Quarterly Newsletter Published by Michael's Cookies, Inc.
Issue No. 10
Spotlight On The Stars
Executive Pastry Chef
Currently the Executive
Pastry Chef with the
demanding task of overseeing
the pastry kitchens at
both the Marriott
Riverwalk and Rivercenter
hotels in San Antonio, TX,
Chef Hasmuller has come
a long way in his career
since starting his dual apprenticeships in both
baking and pastries in 1983. Born and raised in
Ausburg, Germany, Klaus completed his apprenticeships
in both subjects in a well established
pastry shop/café in his home town.
During the following 4 years he gained extensive
professional experience by working in several
well-known pastry shops and bakeries in and
around Munich, Germany. As a result of his
passion and dedication for his chosen profession,
Klaus went on to earn his Master of Baking and
his Master of Pastry degrees in 1987 and 1991
In 1990 Chef Hasmuller moved from Germany
to San Antonio, TX to begin his career with
Marriott International, where he was employed
as an Assistant Pastry Chef. From there he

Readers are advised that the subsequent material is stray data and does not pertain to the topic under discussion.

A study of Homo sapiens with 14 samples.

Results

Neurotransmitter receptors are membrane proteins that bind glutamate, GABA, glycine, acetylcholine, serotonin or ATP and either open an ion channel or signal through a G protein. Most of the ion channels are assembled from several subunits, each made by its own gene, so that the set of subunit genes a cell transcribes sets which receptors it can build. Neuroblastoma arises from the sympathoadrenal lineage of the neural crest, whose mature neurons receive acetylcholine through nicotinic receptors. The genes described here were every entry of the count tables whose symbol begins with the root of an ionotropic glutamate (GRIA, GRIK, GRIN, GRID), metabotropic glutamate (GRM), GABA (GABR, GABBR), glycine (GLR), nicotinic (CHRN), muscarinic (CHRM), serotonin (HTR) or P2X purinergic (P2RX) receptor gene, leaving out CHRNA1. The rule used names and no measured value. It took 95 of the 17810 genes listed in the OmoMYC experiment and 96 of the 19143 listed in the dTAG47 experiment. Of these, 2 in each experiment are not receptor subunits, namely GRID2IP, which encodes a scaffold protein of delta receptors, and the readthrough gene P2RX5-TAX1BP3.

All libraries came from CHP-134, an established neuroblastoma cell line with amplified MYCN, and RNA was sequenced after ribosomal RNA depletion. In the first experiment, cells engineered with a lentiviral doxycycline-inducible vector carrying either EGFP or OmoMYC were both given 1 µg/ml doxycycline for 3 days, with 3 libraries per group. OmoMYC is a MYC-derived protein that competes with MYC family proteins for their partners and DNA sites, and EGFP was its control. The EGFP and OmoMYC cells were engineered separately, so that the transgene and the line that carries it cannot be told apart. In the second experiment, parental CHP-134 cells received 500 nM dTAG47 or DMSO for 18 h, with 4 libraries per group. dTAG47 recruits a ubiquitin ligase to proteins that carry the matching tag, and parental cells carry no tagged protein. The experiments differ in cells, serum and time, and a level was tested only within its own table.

worked as the Pastry Chef at the Munich
Marriott Hotel as well as the New Orleans
Marriott Hotel. He has since returned to the
San Antonio area where he is now employed in
the position of Executive Pastry Chef.
An avid outdoorsman when time and weather
permit, Klaus also enjoys spending time with his
wife and new baby son, Alexander Michael.
KEY LIME PIE
The Spanish brought the Key Lime, indigenous
to Malaysia, to the Caribbean. Known as the
Mexican or West Indian lime, this small yellow
aromatic citrus fruit was first planted in 1835
in the Florida Keys by botanist Henry Perrine.
Hence the fruit came to be known by
Americans as the key lime. In 1835 inventor
Gail Borden created condensed milk, which
became popular in areas where fresh milk was
unavailable – like Key West. Key Lime pie
evolved after someone in the area got the idea
of making a custard by combining the condensed
milk and the Key’s lip-puckering limes
and putting it into a pastry crust.
Unfortunately severe hurricanes wiped out
commercial production in southern Florida in
1926 and groves were replanted with Persian
limes. Responding to new demand, markets
have recently begun selling the real thing
again, imported from Mexico and Central
America. True key lime pie is mellow yellow,
never having green food color added.
Briefly whisk egg yolks in large mixing bowl,
then gradually add condensed milk, whisking
until smooth. Add lime juice and mix until just
combined. Pour filling into prepared pie shell.
Cover pie with plastic wrap, being careful not
to let it touch the surface of the filling, and
refrigerate until well chilled, at least 6 hours.
Just before serving decorate pie with large
dollops of whipped cream.
- 4 egg yolks
- 1 14-oz can sweetened condensed milk
- 1/2 cup key lime juice (8 – 10 limes)
- 1 1/2 cups heavy cream
- 2 tbsp. sugar
Click here to download PDF with more information.